The Difference Between is_singular() and is_single()

With WordPress, there are various distinct types of page views. For example, there are category-archive views, tag-archive views, author-archive views, date-archive views, single-post views, single-page views, and so forth. And of course you know that you can target single-post views in your theme template with the conditional tag, is_single():

<?php
if (is_single()) {

	// do something

} else {

	// do something else

}
?>

This is a great way to conditionally apply styles, scripts, and markup to single-view pages.

But did you know about the conditional tag, is_singular()? The is_singular() tag enables you to target single-view pages, regular page pages, and attachment pages all in one fell swoop.

So, instead of writing something like this:

<?php
if (is_single() || is_page() || is_attachment()) {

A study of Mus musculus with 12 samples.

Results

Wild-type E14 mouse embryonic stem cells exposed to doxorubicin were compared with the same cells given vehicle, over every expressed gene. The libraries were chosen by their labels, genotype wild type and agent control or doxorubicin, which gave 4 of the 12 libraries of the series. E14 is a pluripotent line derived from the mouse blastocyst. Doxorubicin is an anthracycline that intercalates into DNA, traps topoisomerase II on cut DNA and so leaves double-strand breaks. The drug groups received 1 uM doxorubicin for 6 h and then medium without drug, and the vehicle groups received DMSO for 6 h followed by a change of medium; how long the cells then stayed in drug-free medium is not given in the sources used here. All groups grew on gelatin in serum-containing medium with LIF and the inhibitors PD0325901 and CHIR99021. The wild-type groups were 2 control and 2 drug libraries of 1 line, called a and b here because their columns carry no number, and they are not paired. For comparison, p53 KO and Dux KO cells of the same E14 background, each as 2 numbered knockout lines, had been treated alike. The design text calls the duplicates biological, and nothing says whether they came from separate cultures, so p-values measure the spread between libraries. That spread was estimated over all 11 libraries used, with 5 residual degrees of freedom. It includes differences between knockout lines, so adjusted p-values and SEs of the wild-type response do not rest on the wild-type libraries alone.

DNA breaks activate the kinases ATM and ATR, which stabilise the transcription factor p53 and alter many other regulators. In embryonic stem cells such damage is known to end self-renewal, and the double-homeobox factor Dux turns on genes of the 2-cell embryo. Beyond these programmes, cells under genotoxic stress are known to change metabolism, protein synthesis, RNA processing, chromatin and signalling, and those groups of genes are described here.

// do something

} else {

	// do something else

}
?>

We can write this instead:

<?php
if (is_singular()) {

	// do something

} else {

	// do something else

}
?>

The is_singular() tag is what's known as a "boolean" function, meaning that it returns one of two values, either TRUE or FALSE. No parameters are associated with this tag.

Now you know :)

3 responses

  1. In the words of Keanu Reeves: Whoa!.

  2. Handy tip, always good to save some extra typing!

  3. I prefer to use (is_single() || is_page() || is_attachment()) cause it’s more readable. But, these little tips are the difference between a pro or a starter guy. Thanks for the tip!